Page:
Education activists slam Mboweni budget cuts
Members of Equal Education picketed outside Parliament on Wednesday
- About 50 activists from Equal Education picketed outside Parliament on Wednesday ahead of Finance Minister Tito Mboweni’s budget speech.
- They say billions cut from education will badly affect schools already overstretched financially by Covid-19.
- SECTION27 says public officials need to be held to account when school infrastructure fails to meet the minimum benchmarks for school safety.
About 50 members of Equal Education (EE) picketed outside Parliament on Wednesday to demand that the Finance Minister Tito Mboweni reverse budget cuts made to the education department earlier this year.
The Supplementary Budget tabled on 24 June showed that R2.1 billion was cut overall from the Department of Basic Education (DBE) budget. A further R1.5 billion was lost across provincial education departments, according to DBE Minister Angie Motshekga in her budget vote speech.
EE said in a statement: “A total of R1.7 billion was cut from school infrastructure grants alone, and a further R4.4 billion has been reallocated within these grants to cover Covid-19 expenses.”
“The consequence is that the right of learners to basic education is compromised.”
Learner members of EE (equalisers), post-school youth members and parents joined the picket. They want more funding to be allocated to basic education, funding for school infrastructure increased, and that the National School Nutrition Programme (NSNP) be allocated enough funding to feed all qualifying learners.
Likhona Mendisi, a 17-year-old equaliser, said, “As poor kids from poor communities, if we don’t get educated, what is the basis of our future?”
“Education is supposed to be a front line department,” he said.
Chwayita Wenana, Western Cape Deputy Head of EE, said the cuts have already delayed 1,938 school construction projects funded by the Education Infrastructure Grant (EIG).
“Many schools have already been forced to use their already overstretched budgets to cover Covid-19 necessities. So they’ve been unable to maintain infrastructure and unable to buy school furniture or even textbooks.”
Wenana said additional funding needs to be allocated towards the National School Nutrition Programme (NSNP) on which over nine million learners are dependent.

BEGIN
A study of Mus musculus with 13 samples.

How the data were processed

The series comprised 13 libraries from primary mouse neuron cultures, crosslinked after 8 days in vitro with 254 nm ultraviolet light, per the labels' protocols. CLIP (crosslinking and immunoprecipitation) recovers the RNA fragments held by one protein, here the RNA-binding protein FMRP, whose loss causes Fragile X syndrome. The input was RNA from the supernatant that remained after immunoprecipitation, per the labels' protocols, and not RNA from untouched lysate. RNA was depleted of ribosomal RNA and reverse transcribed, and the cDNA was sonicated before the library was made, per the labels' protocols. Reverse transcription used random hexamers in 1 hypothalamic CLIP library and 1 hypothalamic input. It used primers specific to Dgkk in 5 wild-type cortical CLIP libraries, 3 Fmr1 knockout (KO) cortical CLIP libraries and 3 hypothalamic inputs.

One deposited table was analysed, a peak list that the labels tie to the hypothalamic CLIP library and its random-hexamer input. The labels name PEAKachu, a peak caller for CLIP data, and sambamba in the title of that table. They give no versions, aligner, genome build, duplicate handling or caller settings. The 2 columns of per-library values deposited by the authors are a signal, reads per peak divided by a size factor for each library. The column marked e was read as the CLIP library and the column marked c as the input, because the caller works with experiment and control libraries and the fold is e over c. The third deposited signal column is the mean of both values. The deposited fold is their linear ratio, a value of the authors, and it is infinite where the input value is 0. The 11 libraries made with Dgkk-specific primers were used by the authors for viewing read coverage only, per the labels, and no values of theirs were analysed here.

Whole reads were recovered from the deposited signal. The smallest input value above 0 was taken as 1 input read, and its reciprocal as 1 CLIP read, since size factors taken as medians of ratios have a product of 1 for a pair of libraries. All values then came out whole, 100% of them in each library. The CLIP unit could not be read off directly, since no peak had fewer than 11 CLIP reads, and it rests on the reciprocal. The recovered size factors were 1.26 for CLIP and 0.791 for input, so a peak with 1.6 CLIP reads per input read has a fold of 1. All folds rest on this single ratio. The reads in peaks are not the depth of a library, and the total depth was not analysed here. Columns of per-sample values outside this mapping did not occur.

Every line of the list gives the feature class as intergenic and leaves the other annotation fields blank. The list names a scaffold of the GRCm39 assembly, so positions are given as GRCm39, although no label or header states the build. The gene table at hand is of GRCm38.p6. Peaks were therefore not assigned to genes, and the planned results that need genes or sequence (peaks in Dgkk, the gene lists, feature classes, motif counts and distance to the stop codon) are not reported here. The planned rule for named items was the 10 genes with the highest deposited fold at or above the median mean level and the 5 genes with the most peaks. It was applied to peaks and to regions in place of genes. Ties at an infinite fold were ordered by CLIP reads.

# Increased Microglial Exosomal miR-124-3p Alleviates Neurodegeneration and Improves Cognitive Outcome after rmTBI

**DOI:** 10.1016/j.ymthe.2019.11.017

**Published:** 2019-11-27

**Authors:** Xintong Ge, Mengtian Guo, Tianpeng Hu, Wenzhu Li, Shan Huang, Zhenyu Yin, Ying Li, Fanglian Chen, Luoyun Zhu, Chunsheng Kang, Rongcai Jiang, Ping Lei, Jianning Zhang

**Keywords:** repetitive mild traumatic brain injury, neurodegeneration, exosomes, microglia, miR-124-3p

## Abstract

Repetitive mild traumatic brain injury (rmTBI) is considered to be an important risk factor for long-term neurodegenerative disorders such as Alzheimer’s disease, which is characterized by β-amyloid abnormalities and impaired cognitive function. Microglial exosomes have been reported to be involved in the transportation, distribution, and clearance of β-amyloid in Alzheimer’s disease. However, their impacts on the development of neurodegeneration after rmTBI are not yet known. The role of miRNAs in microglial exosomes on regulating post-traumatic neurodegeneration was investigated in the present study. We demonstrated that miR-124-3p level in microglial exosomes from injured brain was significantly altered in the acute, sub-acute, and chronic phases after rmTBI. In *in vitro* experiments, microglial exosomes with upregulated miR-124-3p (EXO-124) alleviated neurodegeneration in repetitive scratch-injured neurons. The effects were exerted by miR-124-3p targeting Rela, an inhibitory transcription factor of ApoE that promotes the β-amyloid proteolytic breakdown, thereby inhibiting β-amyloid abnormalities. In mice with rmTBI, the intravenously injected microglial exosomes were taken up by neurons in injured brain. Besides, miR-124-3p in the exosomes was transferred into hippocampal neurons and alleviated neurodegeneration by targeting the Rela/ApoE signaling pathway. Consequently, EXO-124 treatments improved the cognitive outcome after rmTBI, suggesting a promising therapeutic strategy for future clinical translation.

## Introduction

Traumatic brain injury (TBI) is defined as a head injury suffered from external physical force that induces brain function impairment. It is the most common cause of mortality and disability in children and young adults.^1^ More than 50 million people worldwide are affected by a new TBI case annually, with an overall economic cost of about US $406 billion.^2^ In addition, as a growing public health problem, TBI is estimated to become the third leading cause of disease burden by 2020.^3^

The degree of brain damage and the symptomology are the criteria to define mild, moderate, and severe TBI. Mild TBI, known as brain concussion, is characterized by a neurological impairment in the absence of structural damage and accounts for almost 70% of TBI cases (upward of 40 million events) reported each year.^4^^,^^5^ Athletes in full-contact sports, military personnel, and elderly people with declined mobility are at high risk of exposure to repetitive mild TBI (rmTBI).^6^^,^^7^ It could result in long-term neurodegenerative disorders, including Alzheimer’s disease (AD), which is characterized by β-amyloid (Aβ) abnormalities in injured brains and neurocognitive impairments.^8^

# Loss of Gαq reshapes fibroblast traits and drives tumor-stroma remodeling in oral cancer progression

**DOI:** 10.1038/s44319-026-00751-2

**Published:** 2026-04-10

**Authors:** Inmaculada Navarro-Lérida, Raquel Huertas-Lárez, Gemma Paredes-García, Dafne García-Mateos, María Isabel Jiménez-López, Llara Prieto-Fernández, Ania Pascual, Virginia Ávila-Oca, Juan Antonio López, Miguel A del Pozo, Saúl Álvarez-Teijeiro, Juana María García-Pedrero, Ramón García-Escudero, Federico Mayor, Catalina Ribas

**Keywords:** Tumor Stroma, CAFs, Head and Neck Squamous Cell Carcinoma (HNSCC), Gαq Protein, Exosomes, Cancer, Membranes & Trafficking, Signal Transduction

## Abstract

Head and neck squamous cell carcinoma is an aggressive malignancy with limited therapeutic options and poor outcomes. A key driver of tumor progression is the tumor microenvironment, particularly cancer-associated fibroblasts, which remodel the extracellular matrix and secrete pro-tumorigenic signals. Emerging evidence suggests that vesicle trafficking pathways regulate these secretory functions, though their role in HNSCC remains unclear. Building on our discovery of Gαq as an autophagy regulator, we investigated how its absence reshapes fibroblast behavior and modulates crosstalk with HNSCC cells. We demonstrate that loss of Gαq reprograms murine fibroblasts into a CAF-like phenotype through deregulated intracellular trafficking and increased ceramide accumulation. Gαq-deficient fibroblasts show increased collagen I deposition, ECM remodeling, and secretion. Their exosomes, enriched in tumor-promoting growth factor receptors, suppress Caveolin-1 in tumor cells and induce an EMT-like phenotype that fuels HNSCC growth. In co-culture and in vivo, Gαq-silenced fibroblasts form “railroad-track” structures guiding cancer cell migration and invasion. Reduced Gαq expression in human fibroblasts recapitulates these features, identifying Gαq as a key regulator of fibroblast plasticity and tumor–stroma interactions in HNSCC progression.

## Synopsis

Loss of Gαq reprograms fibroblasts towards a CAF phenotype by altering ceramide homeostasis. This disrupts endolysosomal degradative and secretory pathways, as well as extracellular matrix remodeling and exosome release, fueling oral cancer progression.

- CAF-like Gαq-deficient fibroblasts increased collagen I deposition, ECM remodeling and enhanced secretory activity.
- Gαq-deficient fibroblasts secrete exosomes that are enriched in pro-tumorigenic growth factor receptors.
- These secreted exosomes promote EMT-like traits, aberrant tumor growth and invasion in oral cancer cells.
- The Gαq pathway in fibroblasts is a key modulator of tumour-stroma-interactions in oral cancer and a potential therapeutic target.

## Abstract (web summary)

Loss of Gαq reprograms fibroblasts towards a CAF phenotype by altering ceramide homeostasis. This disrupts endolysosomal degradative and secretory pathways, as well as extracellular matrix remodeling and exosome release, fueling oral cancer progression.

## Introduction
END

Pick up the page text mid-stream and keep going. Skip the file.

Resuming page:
“We leave our houses telling ourselves that we’re going to eat at school. But if [Mboweni’s] cutting the budget for feeding, how are we supposed to learn? Because we can’t learn hungry,” said 18-year-old Sibongile Litha Maki.
“We’re tired of hearing this song that the government has no money,” said Daphne Erosi, coordinator at the EE parents’ division. “That R2.1 billion could have been used to fix schools, but it looks like our minister doesn’t take education seriously.”
Public interest law firm SECTION27 announced on Wednesday that it will be admitted as a friend of the court in the Local Division of the Johannesburg High Court in the Mahudu and Others versus Minister of Basic Education and Others case.
The case concerns a matric learner who died in 2017 after being electrocuted by unsafe electrical wiring at Geluksdal Secondary School in Gauteng.
SECTION27 said it aims to strengthen the law that holds public officials accountable for the failure to ensure the school environment is safe. The organisation is currently advocating for safe school sanitation infrastructure, following a number of complaints and queries it received regarding death and injury on school premises.
“It is essential to ensure that school infrastructure meets the minimum benchmarks for school safety and that public officials in every level of the basic education system are held accountable for their obligations to keep children safe,” said the statement.